Many municipalities are having difficulty selling bonds. Many are putting off anticipated offerings. The municipal bond insurance industry may be revitalized as investors decide to only buy insured municipal bonds. Poorly conceived pension obligation bonds have come back to haunt many issuers over the years. It turns out that playing an interest rate game in order to spend more than a city or county can afford is a really bad idea. Now a major US city has gone bankrupt. The US auto industry nearly disappeared in the wake of the 2008 market crash. However, a government bailout saved GM and the company has paid off its bailout debt and is back on its feet. Unfortunately, the same cannot be said for motor city. Now we see in the news that many municipalities, especially in Michigan, are having trouble selling bonds. For the smart long term investors it is probably time to buy insured municipal bonds. Interest rates will be higher because of the perceived risk but if you only buy insured municipal bonds you will be protected. One issue, however, may have to do with timing.
Municipal Bonds and the US Federal Reserve
We recently wrote about how the expected end of the Fed bond buying program is driving stocks down. It will also likely drive interest rates up.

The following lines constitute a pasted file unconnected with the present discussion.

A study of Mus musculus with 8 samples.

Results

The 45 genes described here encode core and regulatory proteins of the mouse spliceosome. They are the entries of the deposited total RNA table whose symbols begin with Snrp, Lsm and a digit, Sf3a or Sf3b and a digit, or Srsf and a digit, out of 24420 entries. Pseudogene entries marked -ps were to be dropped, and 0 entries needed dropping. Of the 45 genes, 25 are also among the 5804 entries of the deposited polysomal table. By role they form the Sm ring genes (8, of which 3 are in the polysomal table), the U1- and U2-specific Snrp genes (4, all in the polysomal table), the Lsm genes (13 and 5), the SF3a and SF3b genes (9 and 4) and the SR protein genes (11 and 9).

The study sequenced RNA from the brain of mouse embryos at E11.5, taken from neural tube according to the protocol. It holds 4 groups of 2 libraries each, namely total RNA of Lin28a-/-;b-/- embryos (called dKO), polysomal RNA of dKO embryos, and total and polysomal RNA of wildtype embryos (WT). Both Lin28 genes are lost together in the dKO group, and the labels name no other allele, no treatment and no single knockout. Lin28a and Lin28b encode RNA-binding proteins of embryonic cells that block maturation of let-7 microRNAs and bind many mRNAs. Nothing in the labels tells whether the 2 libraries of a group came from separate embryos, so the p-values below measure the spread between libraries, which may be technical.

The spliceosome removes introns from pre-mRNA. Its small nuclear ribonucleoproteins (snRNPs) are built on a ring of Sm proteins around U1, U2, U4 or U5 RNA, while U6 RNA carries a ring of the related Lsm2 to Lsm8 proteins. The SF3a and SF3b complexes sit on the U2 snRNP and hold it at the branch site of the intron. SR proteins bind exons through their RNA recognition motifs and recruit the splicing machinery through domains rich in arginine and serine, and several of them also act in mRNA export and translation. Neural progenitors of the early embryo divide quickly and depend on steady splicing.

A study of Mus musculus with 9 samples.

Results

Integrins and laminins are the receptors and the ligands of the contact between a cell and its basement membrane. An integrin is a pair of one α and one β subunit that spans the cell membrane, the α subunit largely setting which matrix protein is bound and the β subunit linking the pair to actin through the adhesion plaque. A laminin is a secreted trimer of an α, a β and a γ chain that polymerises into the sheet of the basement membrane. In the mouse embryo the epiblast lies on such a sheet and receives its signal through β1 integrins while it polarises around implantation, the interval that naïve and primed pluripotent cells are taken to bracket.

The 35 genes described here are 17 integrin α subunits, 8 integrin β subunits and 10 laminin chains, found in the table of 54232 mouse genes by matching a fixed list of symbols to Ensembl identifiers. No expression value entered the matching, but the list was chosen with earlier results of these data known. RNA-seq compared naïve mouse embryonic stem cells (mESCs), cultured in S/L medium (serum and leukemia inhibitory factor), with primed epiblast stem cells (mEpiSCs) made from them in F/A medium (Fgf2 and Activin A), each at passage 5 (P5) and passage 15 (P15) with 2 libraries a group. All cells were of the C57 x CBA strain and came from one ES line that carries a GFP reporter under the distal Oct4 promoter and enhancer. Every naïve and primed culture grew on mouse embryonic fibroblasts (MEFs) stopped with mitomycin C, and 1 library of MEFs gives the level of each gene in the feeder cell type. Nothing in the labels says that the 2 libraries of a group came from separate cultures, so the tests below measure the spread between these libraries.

The underlying purpose of the bond purchase stimulus program has been to drive interest rates down and keep them there. As the Fed gives up the job of soaking up all of the Treasury notes interest rates will rise. Fed chairman Bernanke has stated that the Fed will proceed slowly so as not to stifle the recovery.
No matter if you are buying corporate bonds or US Treasuries or municipal bonds, the market value of whatever you buy will go down as interest rates rise. Thus timing may be key even when you buy insured municipal bonds.
Long Term Investing in Municipal Bonds
A key feature of municipal bonds is the tax exempt feature. Both general obligation bonds and revenue bonds provide tax exemption from federal taxes and many state and local taxes, depending on the laws of each state. This feature offsets the fact that when you buy insured municipal bonds or the uninsured variety you get a lower interest rate than for other bond purchases. The tax exempt feature makes these bonds attractive to investors who are in a high income bracket. Not paying taxes on the interest on these bonds more than makes up for the lower interest paid. However, this feature is only useful so long as the person is making a lot of money. Once retirement comes an investor has two choices. He can simply make due with a lower interest rate until maturity or he can sell the bonds he has and invest elsewhere. Obviously if interest rates have gone up he will sell at a loss compared to the purchase price of the bond.